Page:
Strange loops, for violin and cello (2018)
Instrumentation: violin and cello
Premiere: January 31, 2019 at Mercantile Library in Cincinnati, OH by concert:nova (Stefani Matsuo, violin and Hiro Matsuo, cello)
Strange Loops takes its title from the concept developed by Douglas Hofstadter in his books Gödel, Escher, Bach and I Am a Strange Loop. Strange loops arise when one moves through a system in one direction, yet somehow ends up back at the beginning. While there are lots of examples in visual art (Escher’s Waterfall and Drawing Hands) and in verbal paradoxes (“This statement is false”), I became particularly interested in the ways we can experience strange loops in music.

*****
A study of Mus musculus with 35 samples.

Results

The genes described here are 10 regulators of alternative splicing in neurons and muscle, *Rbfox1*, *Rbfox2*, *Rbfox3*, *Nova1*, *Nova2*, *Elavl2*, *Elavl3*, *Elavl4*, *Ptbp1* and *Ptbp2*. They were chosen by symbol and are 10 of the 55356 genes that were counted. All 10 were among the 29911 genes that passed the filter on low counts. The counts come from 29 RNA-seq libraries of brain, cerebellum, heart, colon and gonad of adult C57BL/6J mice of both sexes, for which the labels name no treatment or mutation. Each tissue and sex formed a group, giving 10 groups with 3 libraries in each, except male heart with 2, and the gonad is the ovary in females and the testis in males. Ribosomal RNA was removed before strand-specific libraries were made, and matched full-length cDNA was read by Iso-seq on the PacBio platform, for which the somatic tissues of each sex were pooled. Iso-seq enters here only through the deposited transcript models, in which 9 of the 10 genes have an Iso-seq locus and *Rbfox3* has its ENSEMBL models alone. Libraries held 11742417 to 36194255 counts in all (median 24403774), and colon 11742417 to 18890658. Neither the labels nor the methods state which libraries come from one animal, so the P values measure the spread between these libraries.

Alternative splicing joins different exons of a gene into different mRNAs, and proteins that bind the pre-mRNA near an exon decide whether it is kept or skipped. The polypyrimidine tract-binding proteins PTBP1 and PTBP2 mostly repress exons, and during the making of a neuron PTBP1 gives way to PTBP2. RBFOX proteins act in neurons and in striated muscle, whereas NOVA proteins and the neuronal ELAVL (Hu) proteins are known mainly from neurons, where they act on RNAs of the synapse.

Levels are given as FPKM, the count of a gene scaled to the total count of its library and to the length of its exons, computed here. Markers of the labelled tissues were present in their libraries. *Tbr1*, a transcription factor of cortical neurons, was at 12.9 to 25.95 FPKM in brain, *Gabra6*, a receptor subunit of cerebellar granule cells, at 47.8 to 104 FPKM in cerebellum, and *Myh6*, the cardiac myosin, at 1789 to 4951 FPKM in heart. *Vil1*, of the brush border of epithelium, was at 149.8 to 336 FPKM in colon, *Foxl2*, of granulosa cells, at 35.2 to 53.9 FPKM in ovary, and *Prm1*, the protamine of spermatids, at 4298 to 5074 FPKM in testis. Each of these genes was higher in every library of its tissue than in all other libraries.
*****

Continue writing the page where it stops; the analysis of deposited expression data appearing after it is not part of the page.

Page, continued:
The first movement is a free fantasy loosely modeled on the shape of a mobius strip (often depicted as a strip of paper with a half-twist, reconnected to form a closed circle). In the middle of my fantasia, there is a kind of tonal half-twist that reconnects the music back to the beginning. (There are many other examples of the music turning backward and upside-down throughout the first movement, reflecting the effect of trying to trace the surface on a Mobius strip.) The second movement is a quick scherzo based on the idea of recursion, or mise-en-abyme. This is most commonly associated with visual art that depicts a picture within a picture. I portray this musically with an 11-note sequence: this sequence is heard rapidly at the beginning (forward, backward, and upside-down), there are 11 sections of the piece (one for each note of the sequence), and the piece contains many smaller and larger versions of the sequence embedded throughout each section. The third movement, a pastorale, focuses on an auditory illusion, called a Shepard Tone, which gives the impression of an endlessly rising line – a sort of musical barber-shop pole. Throughout, the violin and cello play a lyrical line in octaves, gradually rising and rising, without ever falling back down. The final movement is a set of variations structured after a Japanese folk tale, The Stonecutter. In the story, a poor stonecutter is dissatisfied with his life and believes he would be happier as a rich man. He is granted his wish by a spirit, but is immediately dissatisfied and wishes to be a prince. The spirit continues to grant each wish as the story continues. As a prince, he notices the powerful sun and wishes to take its place in the sky, but as the sun, he realizes that a cloud can obscure his light and heat. As a cloud, he realizes that a mountain can block him and is impervious to wind and rain. Finally, as a mountain, he believes he is all-powerful, until hearing a stonecutter chipping away at his feet. The stonecutter, returned to his original form, learns a valuable lesson from this very strange loop.